8 Replies Latest reply on Jul 2, 2010 9:09 AM by viswanat

    AMR Supply Chain Top 25--The Results!


      If you weren't in Scottsdale last week for the AMR Research Supply Chain Executive Conference, you don't want to miss this complimentary webcast:




      And even if you were there, it's compelling enough to watch again! This webcast, sponsored by GXS and ModusLink, is moderated by Professor Martin Christopher and led by Kevin O'Marah, who discusses the Top 25 results as well as how the supply chain best practices and capabilities exhibited by the honorees relate to financial performance. Kinaxis was honored to be the presenting sponsor of the Top 25 Awards dinner.


      What do you think of the results?


      Special thanks to Jonathan Bennett of SCM World for sharing the link.




        • Re: AMR Supply Chain Top 25--The Results!
          bob.ferrari Apprentice

          I was somewhat surprised at the common themes noted among the Top 25, particularly that many of these same companies have been practicing more active strategies related to vertical integration of supply chain vs, pure outsourcing.  In my mind, that is an acknowledgement of overcoming increased supply chain risks associated with outsourcing.


          It must commend AMR for finally acknowledging that the Top 25 voting is too skewed toward a U.S. audience, and that more voting representation from Europe and Asia-Pacific might have changed some of the designations.  Perhaps one day we will finally see more Asian based companies besides Samsung.


          Viewers should also take note of the change in the rating criteria this year.


          Bob Ferrari

            • Re: AMR Supply Chain Top 25--The Results!
              gnickturner Novice

              As a Brit working in the USA I agree about the North American bias in the results. AMR are right to attempt to recruit more voters from outside the USA and not to blame the peers who are voting - as they will, of course, vote according to their experience which is North American. That said we should also remember that most of the companies are global brands. European and Asian voters will also know P&G, Apple etc so we should still expect the see a large American presence in the list in future.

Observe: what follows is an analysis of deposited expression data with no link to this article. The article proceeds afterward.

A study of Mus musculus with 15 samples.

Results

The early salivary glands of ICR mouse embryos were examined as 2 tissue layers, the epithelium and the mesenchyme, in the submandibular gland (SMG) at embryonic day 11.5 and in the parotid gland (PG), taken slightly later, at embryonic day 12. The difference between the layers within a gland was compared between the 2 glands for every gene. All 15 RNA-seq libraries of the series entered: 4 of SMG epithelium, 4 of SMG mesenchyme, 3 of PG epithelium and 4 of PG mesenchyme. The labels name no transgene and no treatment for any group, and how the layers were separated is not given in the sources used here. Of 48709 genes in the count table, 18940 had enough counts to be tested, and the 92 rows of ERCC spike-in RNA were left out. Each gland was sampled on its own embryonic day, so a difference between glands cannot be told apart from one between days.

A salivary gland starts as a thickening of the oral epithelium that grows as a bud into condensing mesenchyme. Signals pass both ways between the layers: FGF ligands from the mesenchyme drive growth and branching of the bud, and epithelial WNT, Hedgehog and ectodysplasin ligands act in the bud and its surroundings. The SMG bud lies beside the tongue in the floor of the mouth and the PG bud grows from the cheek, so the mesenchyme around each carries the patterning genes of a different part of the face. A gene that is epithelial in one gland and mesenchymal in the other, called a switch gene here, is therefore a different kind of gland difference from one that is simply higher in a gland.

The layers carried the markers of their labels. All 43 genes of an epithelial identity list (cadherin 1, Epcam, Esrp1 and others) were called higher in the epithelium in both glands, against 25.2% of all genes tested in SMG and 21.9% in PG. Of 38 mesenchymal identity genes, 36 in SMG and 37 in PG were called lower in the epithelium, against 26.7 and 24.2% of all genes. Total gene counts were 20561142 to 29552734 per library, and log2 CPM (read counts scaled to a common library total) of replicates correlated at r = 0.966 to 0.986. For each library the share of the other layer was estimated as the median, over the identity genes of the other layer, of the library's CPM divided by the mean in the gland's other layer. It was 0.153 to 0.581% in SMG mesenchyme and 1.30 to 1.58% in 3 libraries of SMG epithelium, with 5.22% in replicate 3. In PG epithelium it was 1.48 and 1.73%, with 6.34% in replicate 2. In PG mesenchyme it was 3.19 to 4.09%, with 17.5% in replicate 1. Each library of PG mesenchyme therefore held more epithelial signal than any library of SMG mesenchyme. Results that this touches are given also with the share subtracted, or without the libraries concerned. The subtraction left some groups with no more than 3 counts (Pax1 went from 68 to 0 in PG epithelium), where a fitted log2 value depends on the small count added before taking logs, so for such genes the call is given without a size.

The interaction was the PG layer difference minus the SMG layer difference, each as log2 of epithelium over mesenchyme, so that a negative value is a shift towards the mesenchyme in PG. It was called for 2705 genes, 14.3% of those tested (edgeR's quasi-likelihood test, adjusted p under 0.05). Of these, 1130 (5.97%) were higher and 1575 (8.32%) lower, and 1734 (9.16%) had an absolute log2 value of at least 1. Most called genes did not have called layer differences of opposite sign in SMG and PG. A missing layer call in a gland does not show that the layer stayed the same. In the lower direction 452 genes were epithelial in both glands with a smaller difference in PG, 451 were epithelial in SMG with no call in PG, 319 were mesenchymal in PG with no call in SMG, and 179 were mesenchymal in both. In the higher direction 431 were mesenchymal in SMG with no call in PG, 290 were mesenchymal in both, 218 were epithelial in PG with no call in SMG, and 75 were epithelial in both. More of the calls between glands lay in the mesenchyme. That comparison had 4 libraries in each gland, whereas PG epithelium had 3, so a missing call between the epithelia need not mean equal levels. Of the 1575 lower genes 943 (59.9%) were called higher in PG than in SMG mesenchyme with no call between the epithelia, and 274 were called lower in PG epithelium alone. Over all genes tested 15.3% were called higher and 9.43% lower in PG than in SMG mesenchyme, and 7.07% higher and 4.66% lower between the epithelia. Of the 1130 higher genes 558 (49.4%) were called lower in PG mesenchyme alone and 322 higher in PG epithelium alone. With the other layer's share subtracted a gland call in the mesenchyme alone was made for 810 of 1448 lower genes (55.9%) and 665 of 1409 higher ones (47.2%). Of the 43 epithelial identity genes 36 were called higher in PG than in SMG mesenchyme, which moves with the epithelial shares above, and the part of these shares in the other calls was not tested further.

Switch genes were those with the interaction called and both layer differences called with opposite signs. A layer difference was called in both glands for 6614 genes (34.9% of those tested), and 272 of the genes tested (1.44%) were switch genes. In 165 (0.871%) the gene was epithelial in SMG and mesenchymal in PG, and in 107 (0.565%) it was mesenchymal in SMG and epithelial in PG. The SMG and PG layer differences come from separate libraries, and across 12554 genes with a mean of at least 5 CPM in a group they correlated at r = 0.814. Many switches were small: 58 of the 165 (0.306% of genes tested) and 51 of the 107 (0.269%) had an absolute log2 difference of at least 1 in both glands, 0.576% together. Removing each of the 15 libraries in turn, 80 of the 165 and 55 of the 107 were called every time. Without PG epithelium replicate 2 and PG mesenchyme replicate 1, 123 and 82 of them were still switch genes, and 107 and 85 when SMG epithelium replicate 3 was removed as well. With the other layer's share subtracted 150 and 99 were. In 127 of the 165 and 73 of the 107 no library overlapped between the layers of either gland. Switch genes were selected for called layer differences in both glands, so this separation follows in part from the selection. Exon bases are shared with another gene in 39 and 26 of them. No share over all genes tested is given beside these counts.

I am pleased to see Tesco there. AMR reports on their US Brand "Fresh and Easy" indicate that for some categories of ready meals Tesco could not find a US partner able to meet their requirements for co-location and service. As a result a UK and Spanish company got their break in the USA with brand new plants next door to the Tesco DC in CA.

              • Re: AMR Supply Chain Top 25--The Results!
                John Sicard Apprentice

                To add to Bob's comments - Jim Rowan from RIM also suggested during a panel discussion that many larger enterprises can learn from the mid-market (e.g. NCR) and yet they are disqualified at the outset. He further added that no contract manufacturers make the list, despite working with the amalgamation of 10's to 100's of complex supply chains driven by their many brand owner customers. It will be interesting to see how AMR will be influenced for next year's Top 25.

                • Re: AMR Supply Chain Top 25--The Results!
                  gnickturner Novice

                  So it looks like those European suppliers who co-located with Tesco didn't do very well - as a result of Fresh and Easy's slower than expected expansion in the USA:


                  "Tesco takes over Fresh & Easy suppliers:"



                • Re: AMR Supply Chain Top 25--The Results!
                  lcecere Apprentice

                  Hi guys


                  Yes, there are a number of issues play here.

                  I don't think that you can put all supply chains in a table and shake them up and declare a winner.

                  Instead, I think that a better way is to compare like value chains.

                  What do you think?

                  • Re: AMR Supply Chain Top 25--The Results!
                    viswanat Novice

                    I admit that I have not gone through the full document and the methodology.

                    I dont know if there is any penalty for public events of supply chain disruptions that

                    may occur. If not , then it may make sense to add such a penalty.


                    For instance for Apple (#1) and Best Buy (#24) - they have handled the iphone 4 launch

                    very badly from a supply chain perspective (among a lot other areas)


                    a)  Total supply-demand mismatch - white iphone, display material shortage etc

                    b)  Lack of inventory visibility - when I pre-ordered my phone at Best Buy they did not

                         have any data on inventory to tell me whether I will receive the phone on launch date or not.

                         Later they call me on the 23rd and tell me that I will not get it on the 24th and that they dont

                         know when they will get it.

                    c)  Retailer-supplier collaboration - Radio Shack, Best Buy and Wal Mart do not seem to have any

                         clue of their existing inventory, future inventory across the board further confusing customers.